An English teacher not paid in six months considers leaving
GAZA/CAIRO: Mohammed, an English teacher at a university in Gaza, has lived in Rafah his whole life. A child during the 1987 ‘Intifada,’ and a student during the 2000 uprising, his memory of conflict in this tiny strip of land, is dates back many years.
It is the latest clash between Fatah and Hamas however – between Palestinians – that has shaken him most. Despite their differing ideas and ideologies, Palestinians, he says, were always united against a foreign enemy.
Now they are threatened by an enemy within – factionalism.
The recent fighting that saw Fatah deposed from the Palestinian unity government in Gaza, and Hamas take power, was more terrifying than the usual fighting with Israel, he says, for the simple reason that it was impossible to distinguish between fighters.
“You couldn’t know whether the militants were Fatah or Hamas, because they disguised themselves in one another’s uniforms, he told The Daily Star Egypt in phone interview.
In this way, he recounts, each side accused the other of killings they had committed themselves.
Mohammed’s home is located in the center of Rafah- “a key strategic point between the refugee camps and the security compounds – right in the middle of the fighting.
“My house sustained a number of bullets, he says. “We couldn’t go outside our home.
“My wife was trying to study for her exams at university, but she was terrified. She missed the deadlines for her essays.
What most angers Palestinians, says Mohammed, is that they are dying at the hands of fellow Palestinians. When the local Imam laments the killing of a community member at Friday prayer, he is careful not to mention the individual’s political affiliation.
Only the grieving process, it seems, transcends the division that caused it.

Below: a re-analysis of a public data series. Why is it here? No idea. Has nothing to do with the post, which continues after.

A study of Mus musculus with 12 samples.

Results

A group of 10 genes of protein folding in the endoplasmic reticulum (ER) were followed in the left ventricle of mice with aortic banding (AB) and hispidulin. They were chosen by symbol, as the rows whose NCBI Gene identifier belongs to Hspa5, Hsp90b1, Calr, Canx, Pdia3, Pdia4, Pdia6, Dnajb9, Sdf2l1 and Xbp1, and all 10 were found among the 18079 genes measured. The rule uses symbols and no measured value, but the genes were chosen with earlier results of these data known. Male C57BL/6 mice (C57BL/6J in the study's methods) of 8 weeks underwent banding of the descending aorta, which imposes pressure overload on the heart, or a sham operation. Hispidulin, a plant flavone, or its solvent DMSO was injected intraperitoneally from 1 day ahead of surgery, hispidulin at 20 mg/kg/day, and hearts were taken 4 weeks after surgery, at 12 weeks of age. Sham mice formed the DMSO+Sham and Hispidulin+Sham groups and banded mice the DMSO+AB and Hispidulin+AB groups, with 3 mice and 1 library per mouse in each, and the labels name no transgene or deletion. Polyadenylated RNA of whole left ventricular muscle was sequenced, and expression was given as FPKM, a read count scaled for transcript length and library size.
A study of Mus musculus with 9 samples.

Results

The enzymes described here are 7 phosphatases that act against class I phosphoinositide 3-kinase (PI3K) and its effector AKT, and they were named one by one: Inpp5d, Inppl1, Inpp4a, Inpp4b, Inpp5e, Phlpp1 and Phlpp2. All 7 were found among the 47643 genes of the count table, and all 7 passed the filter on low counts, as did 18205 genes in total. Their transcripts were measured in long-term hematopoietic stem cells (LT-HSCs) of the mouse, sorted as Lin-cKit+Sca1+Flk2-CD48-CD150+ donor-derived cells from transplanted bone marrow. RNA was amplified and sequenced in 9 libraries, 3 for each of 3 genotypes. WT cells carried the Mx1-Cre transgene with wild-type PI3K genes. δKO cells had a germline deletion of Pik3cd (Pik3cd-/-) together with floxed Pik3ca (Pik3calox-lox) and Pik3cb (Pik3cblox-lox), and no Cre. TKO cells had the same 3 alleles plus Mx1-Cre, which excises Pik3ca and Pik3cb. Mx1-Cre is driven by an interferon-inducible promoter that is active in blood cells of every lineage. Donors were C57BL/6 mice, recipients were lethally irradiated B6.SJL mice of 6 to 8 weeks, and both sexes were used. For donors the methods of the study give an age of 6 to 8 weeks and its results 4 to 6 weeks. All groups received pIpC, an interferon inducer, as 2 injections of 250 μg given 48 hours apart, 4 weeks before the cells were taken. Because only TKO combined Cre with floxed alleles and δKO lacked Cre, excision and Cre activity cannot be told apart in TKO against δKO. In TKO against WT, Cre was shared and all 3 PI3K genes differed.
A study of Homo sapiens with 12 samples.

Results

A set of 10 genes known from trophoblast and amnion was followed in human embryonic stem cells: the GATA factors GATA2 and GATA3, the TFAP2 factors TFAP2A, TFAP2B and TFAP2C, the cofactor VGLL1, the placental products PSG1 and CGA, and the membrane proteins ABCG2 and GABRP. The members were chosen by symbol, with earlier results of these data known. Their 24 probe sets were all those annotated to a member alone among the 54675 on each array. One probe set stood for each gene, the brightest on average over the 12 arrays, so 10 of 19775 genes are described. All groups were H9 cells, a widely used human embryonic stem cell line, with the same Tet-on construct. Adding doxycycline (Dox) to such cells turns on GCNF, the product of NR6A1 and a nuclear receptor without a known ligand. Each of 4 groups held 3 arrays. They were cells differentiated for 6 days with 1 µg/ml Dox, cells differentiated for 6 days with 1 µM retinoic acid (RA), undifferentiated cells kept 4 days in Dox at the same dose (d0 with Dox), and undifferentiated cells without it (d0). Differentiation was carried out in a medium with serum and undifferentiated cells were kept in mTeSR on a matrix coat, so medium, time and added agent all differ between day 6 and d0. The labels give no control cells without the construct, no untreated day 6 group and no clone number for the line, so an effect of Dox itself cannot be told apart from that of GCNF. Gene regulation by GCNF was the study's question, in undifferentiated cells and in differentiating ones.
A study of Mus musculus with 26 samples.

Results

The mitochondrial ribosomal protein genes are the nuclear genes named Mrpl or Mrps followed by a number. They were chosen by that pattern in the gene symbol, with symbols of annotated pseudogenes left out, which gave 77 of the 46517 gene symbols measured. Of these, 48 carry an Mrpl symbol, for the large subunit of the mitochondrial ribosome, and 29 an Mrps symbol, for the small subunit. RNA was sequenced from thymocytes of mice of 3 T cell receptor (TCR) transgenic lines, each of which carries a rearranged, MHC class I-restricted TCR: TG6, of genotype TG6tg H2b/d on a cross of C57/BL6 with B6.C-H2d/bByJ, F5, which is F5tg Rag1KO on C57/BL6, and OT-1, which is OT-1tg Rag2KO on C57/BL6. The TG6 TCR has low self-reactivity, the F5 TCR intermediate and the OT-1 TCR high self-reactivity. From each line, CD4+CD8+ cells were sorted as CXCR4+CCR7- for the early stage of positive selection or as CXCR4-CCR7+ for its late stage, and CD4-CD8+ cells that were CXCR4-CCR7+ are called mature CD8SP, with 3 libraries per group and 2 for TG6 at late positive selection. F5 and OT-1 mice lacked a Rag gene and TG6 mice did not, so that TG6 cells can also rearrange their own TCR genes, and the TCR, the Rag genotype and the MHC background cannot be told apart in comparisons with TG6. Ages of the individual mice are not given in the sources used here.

But with Hamas now firmly in control of Gaza, Palestinians from all walks of life are, at least, apprehensive about the future.
International aid and trade embargoes, and Israel’s withholding of tax monies (currently being handed over to Fatah’s Mahmoud Abbas), means Mohammed has not been paid in six months.
His experience is typical of the workforce in Gaza who, he says, are “very upset.
He attributes Hamas’ continued popularity to its “more effective rhetoric and “grassroots support, which permeates almost every level of Gazan society.
“They have their preachers everywhere, he says, “even kindergartens. [They also have] many supporters among academics and workers in Gaza.
A teacher himself, Mohammed can only afford to live in Gaza because his qualifications – a Masters degree in Translation from the University of London – mean he can get extra work in the private sector, unlike the majority of his colleagues.
But he admits that even that will not sustain him indefinitely.
If the situation does not improve by the end of the summer, he says, he and his wife will likely join the thousands of Gazans queuing up to leave.
(Mohammed asked that his surname be withheld.)